Coronavirus outbreak continues to dominate the headlines. Local, as well as international companies, are trying to modify their plans in accordance with the new reality. Moreover, a range of banks, as well as financial institutions, released their worst-case scenarios for 2020.
It is worth mentioning that the global uptick in the gross domestic product (GDP) could be as low as 1% in 2020, according to the Institute for International Finance (IIF). Interestingly, IIF released this information last week. Furthermore, that prediction was even before an oil price crash on Monday sent stocks into another tailspin.
On Tuesday, a Dutch multinational and financial services company Rabobank said that a global recession is inevitable. According to Rabobank, global growth will decline to 1.6% by the end of 2020.
Based on the information provided by the International Monetary Fund, the world economy grew by 2.9% in 2019. However, due to the outbreak, several banks and financial institutions predict that it won’t be possible to repeat this result.
People should take into consideration that the virus continues to spread around the world. The number of confirmed cases worldwide surpassed 119,000. Coronavirus outbreak started in China several months ago. The virus outbreak continues to affect all major economies with flight cancellations, etc.
Financial institutions and economic impact
Last week the IIF, an association of financial institutions, published its report. Based on this report, a number of factors will determine the economic impact of the outbreak. For example, it depends on how long the virus will continue to spread around the world. The range of potential outcomes is large, and it is hard to predict what will be the outcome.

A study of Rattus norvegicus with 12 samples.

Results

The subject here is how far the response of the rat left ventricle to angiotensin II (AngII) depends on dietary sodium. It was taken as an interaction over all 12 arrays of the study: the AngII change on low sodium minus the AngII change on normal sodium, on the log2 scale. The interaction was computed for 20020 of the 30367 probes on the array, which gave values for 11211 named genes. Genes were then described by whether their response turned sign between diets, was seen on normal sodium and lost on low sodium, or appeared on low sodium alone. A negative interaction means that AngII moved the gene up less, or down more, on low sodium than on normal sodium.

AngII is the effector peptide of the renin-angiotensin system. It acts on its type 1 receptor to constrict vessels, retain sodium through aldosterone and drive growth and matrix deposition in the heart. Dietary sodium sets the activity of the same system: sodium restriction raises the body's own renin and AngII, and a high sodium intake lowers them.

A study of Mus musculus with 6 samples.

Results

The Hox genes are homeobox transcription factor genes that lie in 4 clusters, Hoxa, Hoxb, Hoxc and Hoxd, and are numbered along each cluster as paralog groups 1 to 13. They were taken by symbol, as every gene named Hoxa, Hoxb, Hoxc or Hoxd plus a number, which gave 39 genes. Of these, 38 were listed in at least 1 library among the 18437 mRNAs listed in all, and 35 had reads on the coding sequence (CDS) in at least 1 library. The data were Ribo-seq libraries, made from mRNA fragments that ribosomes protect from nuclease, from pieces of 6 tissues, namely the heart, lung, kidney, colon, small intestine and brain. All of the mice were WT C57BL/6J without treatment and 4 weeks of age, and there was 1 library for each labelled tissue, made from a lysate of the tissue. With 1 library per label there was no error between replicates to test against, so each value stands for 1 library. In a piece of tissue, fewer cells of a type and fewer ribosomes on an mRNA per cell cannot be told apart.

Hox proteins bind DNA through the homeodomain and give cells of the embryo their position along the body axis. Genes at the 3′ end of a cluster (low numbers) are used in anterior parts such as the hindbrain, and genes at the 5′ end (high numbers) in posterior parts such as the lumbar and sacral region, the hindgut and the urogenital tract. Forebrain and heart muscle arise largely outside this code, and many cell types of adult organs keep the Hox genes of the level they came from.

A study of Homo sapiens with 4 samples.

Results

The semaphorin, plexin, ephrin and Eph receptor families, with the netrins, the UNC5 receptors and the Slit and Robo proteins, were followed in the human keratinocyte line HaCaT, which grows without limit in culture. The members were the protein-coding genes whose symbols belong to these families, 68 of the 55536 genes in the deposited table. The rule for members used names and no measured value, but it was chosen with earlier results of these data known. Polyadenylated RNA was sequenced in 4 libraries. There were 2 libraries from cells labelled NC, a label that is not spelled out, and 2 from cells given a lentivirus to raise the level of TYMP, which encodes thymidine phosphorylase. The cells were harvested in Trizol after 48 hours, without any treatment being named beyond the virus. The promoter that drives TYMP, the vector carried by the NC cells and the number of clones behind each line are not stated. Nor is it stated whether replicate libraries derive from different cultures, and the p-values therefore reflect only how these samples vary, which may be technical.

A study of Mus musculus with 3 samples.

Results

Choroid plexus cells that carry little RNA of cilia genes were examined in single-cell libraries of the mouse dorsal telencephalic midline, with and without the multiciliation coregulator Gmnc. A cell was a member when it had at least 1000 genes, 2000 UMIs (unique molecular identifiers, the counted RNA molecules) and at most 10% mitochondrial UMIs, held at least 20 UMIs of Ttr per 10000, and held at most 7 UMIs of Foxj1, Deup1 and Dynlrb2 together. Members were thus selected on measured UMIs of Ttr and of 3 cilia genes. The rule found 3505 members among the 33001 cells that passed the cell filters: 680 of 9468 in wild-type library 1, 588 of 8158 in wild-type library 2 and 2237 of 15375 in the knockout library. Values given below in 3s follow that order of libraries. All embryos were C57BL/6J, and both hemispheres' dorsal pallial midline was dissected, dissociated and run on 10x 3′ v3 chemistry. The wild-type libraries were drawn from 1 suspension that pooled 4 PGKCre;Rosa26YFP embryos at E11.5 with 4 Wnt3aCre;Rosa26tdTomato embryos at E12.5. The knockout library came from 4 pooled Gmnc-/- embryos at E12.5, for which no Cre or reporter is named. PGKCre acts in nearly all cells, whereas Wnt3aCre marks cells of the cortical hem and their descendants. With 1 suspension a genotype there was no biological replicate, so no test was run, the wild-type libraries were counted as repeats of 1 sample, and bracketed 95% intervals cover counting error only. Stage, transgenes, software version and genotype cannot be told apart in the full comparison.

Other international organizations such as the Organization for Economic Cooperation and Development (OECD) estimated that global GDP would be 2.4% in 2020. The organization reduced the forecast by 0.5% percentage points.
Moreover, ratings agency Moody’ downgraded its forecast from 2.4% to 2.1%. Based on the information provided by the ratings agency, the shock will influence domestic demand around the globe, which will affect a wide range of non-traded activities. This will happen at the same time, across countries and regions.
The number of people who are working from continues to increase as the virus spread to new countries. Moreover, some people in Europe changed their lifestyles; as a result, they are trying to public transport and public spaces.
Two weeks ago, the world-famous investment bank also released its forecast. According to the Bank of America, global growth would in 2020 fall to the lowest level since 2009.